How to Avoid Scaling in a Plaster Salt Water Pool System How to Avoid Scaling in a Plaster Salt Water Pool System

What You'll Need
Water testing kit
Soft water or tri-sodium phosphate
Scale inhibitors
Sodium bicarbonate
Muriatic acid
Sodium bisulfate
pH balancer
pH strips
Pool brush

Over a period of time, scale deposits in a salt water pool system become more and more apparent. One of the main reasons why there is a buildup of such scaling is due to the water imbalance inside the pool. Moreover, pH differences and the calcium content of the water are other contributors to this problem. These scale deposits become extremely difficult to remove, especially if a regular cleaning and maintenance pattern is not followed for your salt water pool. The section below will emphasize ways in which you can avoid such scaling in a plaster salt water pool system.

Step 1 – Take Necessary Precautions

It is best to keep in mind a small number of safety instructions since you shall be dealing with various chemicals when carrying out this activity. First, it is best to keep on hand a pair of rubber gloves and eye goggles. This will ensure that your skin and eyes are protected from the materials being utilized. Moreover, it is also advisable to wear a pair of old clothing when performing this task.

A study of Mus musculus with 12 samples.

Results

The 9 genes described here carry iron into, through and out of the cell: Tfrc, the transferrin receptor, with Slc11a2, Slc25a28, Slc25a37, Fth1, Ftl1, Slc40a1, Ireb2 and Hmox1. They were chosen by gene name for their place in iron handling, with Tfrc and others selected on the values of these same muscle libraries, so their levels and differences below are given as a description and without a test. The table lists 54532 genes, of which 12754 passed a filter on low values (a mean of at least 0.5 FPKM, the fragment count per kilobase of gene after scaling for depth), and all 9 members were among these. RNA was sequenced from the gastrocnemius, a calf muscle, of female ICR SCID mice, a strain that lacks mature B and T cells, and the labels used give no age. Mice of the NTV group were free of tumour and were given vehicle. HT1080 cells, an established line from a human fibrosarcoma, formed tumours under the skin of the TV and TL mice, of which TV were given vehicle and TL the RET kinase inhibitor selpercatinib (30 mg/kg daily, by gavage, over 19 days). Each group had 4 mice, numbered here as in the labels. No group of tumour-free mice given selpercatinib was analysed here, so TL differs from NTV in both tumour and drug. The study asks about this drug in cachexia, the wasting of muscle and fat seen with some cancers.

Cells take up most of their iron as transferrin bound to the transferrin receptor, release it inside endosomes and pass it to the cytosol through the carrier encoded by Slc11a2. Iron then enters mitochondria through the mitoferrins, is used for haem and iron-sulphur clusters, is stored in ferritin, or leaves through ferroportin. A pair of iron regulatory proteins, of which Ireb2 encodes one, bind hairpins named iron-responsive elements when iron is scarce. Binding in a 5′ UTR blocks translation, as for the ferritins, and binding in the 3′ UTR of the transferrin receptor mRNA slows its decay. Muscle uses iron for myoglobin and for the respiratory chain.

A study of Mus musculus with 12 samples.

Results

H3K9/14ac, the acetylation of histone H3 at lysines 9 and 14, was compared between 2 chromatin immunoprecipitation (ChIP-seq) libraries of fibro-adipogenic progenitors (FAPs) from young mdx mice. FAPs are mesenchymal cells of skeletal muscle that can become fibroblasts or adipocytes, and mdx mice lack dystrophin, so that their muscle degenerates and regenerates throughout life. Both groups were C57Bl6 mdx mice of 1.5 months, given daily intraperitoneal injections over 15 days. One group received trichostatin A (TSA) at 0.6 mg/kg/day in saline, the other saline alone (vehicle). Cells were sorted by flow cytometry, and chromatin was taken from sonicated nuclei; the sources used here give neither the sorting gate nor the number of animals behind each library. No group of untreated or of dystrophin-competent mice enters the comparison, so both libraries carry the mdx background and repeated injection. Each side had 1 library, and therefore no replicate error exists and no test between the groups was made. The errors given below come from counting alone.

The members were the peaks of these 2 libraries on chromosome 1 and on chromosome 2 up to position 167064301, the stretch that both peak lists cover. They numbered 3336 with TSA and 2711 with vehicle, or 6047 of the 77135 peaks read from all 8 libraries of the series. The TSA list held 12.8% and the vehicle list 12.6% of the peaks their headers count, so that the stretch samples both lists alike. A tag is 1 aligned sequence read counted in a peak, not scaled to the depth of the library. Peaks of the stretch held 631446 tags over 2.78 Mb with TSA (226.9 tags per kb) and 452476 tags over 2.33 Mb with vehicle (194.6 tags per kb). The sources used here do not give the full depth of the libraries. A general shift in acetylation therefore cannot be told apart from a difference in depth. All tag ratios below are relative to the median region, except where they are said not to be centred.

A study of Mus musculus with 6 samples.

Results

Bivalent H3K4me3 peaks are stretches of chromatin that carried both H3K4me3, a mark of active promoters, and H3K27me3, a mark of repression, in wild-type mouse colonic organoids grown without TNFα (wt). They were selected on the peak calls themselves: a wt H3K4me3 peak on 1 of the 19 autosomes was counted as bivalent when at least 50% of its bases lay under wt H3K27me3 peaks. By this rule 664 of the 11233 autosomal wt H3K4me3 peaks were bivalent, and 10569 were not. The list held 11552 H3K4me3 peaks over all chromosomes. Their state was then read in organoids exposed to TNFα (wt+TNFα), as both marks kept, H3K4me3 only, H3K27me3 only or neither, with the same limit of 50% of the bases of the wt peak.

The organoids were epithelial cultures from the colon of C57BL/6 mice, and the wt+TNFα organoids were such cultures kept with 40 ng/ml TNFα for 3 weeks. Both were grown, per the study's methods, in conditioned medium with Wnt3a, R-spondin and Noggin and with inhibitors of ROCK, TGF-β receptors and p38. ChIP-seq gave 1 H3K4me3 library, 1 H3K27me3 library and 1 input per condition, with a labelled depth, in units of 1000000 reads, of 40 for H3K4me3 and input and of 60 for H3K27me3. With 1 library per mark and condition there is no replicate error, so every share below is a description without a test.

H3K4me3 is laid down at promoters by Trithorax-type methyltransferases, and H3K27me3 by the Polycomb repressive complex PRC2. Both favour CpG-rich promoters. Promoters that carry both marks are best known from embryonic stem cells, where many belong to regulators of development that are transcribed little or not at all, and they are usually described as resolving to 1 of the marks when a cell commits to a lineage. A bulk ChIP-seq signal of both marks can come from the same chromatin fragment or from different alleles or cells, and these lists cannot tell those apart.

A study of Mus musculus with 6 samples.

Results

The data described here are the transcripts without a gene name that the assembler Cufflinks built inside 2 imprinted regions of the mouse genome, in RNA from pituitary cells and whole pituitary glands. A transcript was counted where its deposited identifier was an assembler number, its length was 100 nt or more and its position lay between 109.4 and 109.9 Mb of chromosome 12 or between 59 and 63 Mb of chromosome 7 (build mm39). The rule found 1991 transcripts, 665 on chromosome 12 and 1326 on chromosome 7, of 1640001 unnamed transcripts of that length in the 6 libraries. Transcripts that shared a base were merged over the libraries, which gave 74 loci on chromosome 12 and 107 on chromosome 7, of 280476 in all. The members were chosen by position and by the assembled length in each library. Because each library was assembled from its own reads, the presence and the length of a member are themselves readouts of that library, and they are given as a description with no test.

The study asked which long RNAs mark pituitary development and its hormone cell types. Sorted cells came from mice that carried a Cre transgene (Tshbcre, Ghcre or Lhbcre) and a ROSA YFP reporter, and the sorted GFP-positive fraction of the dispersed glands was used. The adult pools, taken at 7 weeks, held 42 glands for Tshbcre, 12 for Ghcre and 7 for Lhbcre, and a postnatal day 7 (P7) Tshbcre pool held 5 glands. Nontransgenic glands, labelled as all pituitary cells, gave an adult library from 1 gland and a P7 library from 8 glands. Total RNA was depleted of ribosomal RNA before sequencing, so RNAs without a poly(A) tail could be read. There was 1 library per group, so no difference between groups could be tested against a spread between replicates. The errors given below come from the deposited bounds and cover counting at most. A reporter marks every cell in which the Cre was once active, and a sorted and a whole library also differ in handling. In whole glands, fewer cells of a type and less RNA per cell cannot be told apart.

Step 2 – Use Water Testing Kit

One of the first steps in this regard is to conduct a water test of the pool. This will be done using a water testing kit, which is easily available from home maintenance or pool stores. Follow the instructions written on the kit and test the alkalinity level of the water. Ideally, it should be between 80 to 120 PPM. In the case that the alkalinity level turns out to be considerably higher than 120, add a small amount of sodium bisulfate or muriatic acid. On the other hand, if the alkalinity level is lower than 80, add in a small quantity of sodium bicarbonate. Make sure this step is carried out before testing the pH of the water in the plaster salt water pool.

Step 3 – Test pH Level of Water

Now, the next step is to ascertain the pH level of the water. This can easily be done by using a pH strip test. Follow the instructions on the pH strip and determine the pH level. Ideally, the pH of salt water pools should be around 7.2 to 7.6, meaning it should be a neutral pH level. However, if the level is either too high or low, adjust this by adding in a small amount of the pH balancer.

Step 4 – Add in Calcium Inhibitors or Soft Water

Given how scaling is also caused by high levels of calcium in the water, it is best to keep it in check as well. From time to time, add in small quantities of soft water or tri-sodium phosphate into the pool in order to keep the calcium levels balanced. Scale inhibitors available at home maintenance stores can also be utilized

Step 5 – Develop Regular Cleaning Schedule

Lastly, in order to avoid future scaling deposits building up in your pool it is advisable that you develop a regular cleaning schedule for your salt water pool. When carrying out such a cleaning, make use of pool brushes to clear off the scaling from the tiles and floor of the pool. However, do make sure you clean your pool regularly to avoid a buildup of scales.